There has been recent work, due to Joux, Gologlu, Zumbragel and others which has developed efficient algorithms for discrete logarithms in small (and specifically binary) characteristics, where the exponents have some special form. See the discussion in the questions




My understanding is that discrete logarithms in $\operatorname{GF}(2^n)$ where $n$ is large and has no special for is still relatively robust to attacks.

Here is the question, say I pick $n$ large enough such that the multiplicative group $\operatorname{GF}(2^n)^{\ast}$ has no small subgroups. So either $2^n-1$ is prime, or $n$ is so large and well chosen that the largest subgroup is large enough.

Would the best algorithm in this case still be baby-step-giant-step for the discrete logarithm? Or something else of still exponential (in $n$) time and memory complexity?

  • $\begingroup$ Asymptotically, every small characteristic field is broken by the quasi-polynomial algorithms of either Barbulescu et al. or Granger et al.. In practice, however, a prime exponent $GF(2^p)$ is safer than most others, since you have to embed that field in a larger one for the attack to work. The current record for a prime-exponent field is $GF(2^{1279})$; the record for arbitrary exponent is $GF(2^{9234})$. $\endgroup$ Commented Mar 13, 2018 at 18:17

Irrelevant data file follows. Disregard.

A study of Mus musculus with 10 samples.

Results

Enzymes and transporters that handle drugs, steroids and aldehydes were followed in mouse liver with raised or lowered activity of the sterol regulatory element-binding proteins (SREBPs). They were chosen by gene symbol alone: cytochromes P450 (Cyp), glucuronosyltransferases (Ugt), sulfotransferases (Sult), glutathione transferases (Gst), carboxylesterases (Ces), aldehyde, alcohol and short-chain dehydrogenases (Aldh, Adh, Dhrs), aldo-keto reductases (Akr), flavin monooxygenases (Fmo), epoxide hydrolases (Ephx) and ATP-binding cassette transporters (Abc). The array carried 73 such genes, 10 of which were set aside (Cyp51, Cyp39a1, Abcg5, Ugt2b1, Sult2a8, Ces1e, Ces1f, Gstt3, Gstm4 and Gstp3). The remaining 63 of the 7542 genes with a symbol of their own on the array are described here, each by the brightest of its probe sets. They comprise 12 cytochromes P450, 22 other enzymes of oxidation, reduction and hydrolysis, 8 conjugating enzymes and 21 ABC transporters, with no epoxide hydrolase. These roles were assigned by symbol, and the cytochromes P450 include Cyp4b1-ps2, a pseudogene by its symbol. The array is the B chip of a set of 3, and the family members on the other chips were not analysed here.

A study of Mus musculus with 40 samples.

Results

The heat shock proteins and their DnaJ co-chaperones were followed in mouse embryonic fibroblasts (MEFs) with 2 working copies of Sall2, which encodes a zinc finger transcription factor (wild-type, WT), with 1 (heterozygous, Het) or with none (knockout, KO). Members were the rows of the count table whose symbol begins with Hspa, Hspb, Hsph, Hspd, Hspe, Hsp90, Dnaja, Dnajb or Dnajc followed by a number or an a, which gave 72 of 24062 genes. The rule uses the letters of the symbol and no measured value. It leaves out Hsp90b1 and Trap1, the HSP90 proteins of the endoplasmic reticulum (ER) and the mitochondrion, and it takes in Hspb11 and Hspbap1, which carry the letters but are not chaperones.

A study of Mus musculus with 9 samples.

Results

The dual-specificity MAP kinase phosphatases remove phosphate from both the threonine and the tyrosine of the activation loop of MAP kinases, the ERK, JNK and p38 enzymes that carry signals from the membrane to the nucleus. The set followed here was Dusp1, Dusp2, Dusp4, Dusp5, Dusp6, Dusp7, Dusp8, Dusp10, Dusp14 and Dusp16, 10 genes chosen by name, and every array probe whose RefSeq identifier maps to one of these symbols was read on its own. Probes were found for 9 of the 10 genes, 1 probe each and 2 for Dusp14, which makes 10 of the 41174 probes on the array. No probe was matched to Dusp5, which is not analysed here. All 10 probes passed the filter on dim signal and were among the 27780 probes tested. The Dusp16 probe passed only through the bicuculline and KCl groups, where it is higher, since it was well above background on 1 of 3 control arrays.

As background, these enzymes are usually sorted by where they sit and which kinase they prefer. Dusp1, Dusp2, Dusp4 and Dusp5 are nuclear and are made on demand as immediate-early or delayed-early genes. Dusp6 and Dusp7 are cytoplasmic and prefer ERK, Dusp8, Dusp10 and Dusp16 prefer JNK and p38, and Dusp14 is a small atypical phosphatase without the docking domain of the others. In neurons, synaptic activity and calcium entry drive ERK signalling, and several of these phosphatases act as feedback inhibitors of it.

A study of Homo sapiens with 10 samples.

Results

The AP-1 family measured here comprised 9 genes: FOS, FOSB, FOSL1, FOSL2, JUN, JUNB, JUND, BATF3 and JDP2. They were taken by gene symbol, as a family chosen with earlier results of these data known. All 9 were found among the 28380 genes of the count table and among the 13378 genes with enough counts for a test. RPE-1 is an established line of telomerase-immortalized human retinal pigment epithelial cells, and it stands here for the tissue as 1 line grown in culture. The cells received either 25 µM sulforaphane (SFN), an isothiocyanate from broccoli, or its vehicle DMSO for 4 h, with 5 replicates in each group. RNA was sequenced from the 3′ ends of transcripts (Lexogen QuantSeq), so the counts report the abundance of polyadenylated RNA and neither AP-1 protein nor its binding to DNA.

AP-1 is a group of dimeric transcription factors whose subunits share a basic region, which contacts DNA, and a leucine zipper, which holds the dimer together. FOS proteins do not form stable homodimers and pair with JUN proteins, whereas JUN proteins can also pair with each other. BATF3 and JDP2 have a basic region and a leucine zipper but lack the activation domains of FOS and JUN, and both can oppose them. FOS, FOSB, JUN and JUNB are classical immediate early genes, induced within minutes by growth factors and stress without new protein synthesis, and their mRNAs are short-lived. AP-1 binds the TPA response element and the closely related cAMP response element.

• $\begingroup$ @SamuelNeves please see edited answer. $\endgroup$
    – kodlu
    Commented Mar 13, 2018 at 22:06
  • 1
    $\begingroup$ Sounds about right. $\endgroup$ Commented Mar 14, 2018 at 5:10

1 Answer 1


Edit: My hunch that the best complexity is exponential was incorrect. It is actually quasi-polynomial (thanks to Samuel Neves for his comment).

Recall that Coppersmith's algorithm has complexity $$ L_{2^n}(1/3,c) $$ for a small constant $c,$ while even for $n$ prime, which is the hardest case, discrete logarithms over $GF(2^n)$ using Barbulescu et. al.'s method have quasi polynomial complexity $$ O(2^{c(\log n)^2})\asymp c' n^{c \log n}. $$

Note that the authors state "The crossing point between the (best knoen before) L(1/4) algorithm and our quasi-polynomial one is not determined yet".